I would have been a lot faster and more enthusiastic in linking to Dick Cavett‘s recollection of his Richard Burton relationship if (a) I could make sense of the timeline aspect (i.e., Cavett meeting Burton during his 1960/61 Broadway run of Camelot as part of an effort to persuade him to appear on his show, despite Cavett’s show having launched in 1968) and (b) if the Times webmasters would stop being stupidly protective of their video files by making embed codes available.
All, finally, is half-well as far as my Comic-Con plans are concerned. Comic-Con’s p.r. director graciously and generously approved my press credentials despite all kinds of problematic issues that stood in the way, not the least being that I applied quite late. I’m also in-like-Flynn with the Avatar presentation on Thursday, which is to say the 20th Century Fox people were also enormously helpful by providing a VIP pass that will save me from having to wait in line for two to three hours. I thanked them all before; I am doing so again. They restoreth my soul.
I’m in for three days — Wednesday night to Saturday morning.
No VIP pass from Sony for the District 9 thing on Friday because of my Peter Jackson issues — i.e., a mild form of corporal punishment. I’m told there’s a shot at snagging a VIP pass for the New Moon presentation. Maybe. And a certain Paramount publicist pally hasn’t yet responded about my interest in attending the Ironman 2 dog-and-pony show — we’ll see.
If any gaslamp-district roughnecks try anything…I was going to say I’ll drop them like a bad habit and put them on the pavement with my boot on their neck. The truth is that I’ll try and talk my way out of it like any journalist who doesn’t want to bruise his/her hands, and then get my revenge later by describing them in honest terms.
In a N.Y. Times profile of In The Loop director-writer Armando Iannucci, Sarah Lyall riffs on Peter Capaldi‘s throttled portrayal of the sewer-mouthed Malcolm Tucker — a senior British government official and spinmeister. “Few can match [him] for sheer verbal brio,” she writes. “He uses his dark arts to fine result when he persuades reporters to backtrack on stories critical of the government. ‘Whether it has happened or not is irrelevant — it is true,’ he yells in one scene, making the case for reporting something that did not in fact happen.
Peter Capaldi in In The Loop
“Capaldi is perhaps best known to Americans as the geekily adorable Scotsman in the 1983 film Local Hero. This makes for something of a mental disconnect.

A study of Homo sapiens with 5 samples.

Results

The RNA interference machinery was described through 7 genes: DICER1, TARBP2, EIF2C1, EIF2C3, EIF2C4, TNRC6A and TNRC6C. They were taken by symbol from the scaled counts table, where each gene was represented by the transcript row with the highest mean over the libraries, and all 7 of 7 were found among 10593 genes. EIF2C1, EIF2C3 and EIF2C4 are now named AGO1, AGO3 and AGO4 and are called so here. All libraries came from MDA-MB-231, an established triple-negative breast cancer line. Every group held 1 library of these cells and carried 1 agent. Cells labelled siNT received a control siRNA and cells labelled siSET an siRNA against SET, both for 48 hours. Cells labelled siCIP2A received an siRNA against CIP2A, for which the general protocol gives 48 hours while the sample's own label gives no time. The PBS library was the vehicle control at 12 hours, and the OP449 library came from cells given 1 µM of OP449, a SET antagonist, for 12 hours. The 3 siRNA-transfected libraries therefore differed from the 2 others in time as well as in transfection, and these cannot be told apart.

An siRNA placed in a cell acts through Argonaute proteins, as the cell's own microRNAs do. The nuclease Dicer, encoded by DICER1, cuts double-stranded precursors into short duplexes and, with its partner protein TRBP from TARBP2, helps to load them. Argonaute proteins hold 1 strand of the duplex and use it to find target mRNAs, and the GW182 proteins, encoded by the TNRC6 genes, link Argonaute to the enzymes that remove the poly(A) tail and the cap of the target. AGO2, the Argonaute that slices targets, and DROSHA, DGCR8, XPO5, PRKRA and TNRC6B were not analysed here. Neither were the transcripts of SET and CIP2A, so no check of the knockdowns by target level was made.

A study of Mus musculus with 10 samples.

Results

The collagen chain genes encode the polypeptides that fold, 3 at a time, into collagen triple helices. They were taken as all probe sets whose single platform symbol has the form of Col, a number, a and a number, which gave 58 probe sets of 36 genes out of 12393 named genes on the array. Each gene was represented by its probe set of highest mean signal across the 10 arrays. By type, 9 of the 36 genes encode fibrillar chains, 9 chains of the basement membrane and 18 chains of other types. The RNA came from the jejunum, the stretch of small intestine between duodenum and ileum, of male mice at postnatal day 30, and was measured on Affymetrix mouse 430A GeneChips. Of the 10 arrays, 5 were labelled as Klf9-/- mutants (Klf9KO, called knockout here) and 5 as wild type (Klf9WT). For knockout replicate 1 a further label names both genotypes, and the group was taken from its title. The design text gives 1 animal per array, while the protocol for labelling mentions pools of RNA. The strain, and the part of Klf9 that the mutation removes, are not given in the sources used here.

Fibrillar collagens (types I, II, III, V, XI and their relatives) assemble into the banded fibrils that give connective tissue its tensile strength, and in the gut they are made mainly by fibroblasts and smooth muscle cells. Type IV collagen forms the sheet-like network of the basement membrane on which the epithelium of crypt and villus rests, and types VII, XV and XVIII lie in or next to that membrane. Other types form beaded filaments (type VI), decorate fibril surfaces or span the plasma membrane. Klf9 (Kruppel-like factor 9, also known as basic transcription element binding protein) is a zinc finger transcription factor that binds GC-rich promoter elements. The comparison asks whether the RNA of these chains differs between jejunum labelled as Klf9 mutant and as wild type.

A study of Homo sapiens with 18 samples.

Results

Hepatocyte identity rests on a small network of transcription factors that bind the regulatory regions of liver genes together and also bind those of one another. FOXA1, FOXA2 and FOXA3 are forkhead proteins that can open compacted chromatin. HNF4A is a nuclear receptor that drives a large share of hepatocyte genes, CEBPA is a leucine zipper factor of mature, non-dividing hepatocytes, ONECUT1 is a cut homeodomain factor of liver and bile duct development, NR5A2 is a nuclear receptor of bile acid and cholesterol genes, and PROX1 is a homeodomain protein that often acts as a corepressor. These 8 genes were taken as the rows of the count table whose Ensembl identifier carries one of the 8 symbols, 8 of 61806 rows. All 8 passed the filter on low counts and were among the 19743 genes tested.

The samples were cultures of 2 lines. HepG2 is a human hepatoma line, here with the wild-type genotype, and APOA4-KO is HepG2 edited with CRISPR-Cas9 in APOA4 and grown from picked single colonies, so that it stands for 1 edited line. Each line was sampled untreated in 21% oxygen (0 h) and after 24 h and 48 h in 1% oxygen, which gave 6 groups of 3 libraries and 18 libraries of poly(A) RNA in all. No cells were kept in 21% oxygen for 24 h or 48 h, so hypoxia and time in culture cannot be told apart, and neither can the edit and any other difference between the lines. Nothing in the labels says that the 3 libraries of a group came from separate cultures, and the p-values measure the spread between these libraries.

“‘I find it quite exhausting because there is a considerable distance between him and me,” Mr. Capaldi said. “But being given this opportunity to play someone who is so Machiavellian and nasty and shouty is great.”
“It has long been assumed that Malcolm is based on Alastair Campbell, former Prime Minister Tony Blair‘s all-powerful strategizer, spokesman and interference blocker. (Mr. Campbell is credited, among other things, with coming up with Mr. Blair’s description of Diana, Princess of Wales, as ‘the people’s princess.’) Mr. Iannucci said Mr. Campbell was an influence on, but not the only model for, the character; Mr. Capaldi said he looked elsewhere for inspiration.
“‘I didn’t know how he spoke or how he behaved,’ he said by telephone, referring to Mr. Campbell. “The only people I knew who spoke in this way with great torrents of verbosity and very aggressive techniques were American agents. You think back to the old days of I.C.M. and C.A.A. and all those guys in power suits bursting into immense volcanic eruptions of foul language.'”
Painting of Nancy DeVries by renowned musician, Hi & Lois cartoonist and buoyant/indefatigable Connecticut spirit Chance Browne.
Liz Taylor/Nicky Hilton cottage (i.e., a place where the once-celebrated couple stayed for a period during their brief tumultuous marriage in the early ’50s) in Ridgefield, Connecticut. Local legend has it that Hilton threw Taylor out of a window during one of their fights. The seven-room cottage currently serves as a kind of art studio/workspace. I parked it here last night.
Chris Browne cartoon about late bluesman Eric von Schmidt. Chris does the Hagar the Horrible cartoon strip — here‘s his Wikipedia bio.
So Harry Potter And The Half-Blood Prince opened with $51.8 million Wednesday, [followed with] $21.9 million Thursday, $26.8 million Friday and $29 million Saturday from 4,275 theaters, according to Nikki Finke‘s copy. (I’m in the Connecticut woods and happy for whatever big-city news I can get.) That makes a $79 million three-day weekend and a $159 million five-day cume.
Bruno, meanwhile, is morgue material with a projected $8 million weekend. The $2.8 million it earned on Friday represented an 80% drop from the previous Friday’s take, and Saturday’s $3 million haul amounted to a 66% drop from the previous Saturday. But let’s not have anyone slagging Universal’s marketing team — they promoted Sacha Baron Cohen‘s film vigorously and inventively.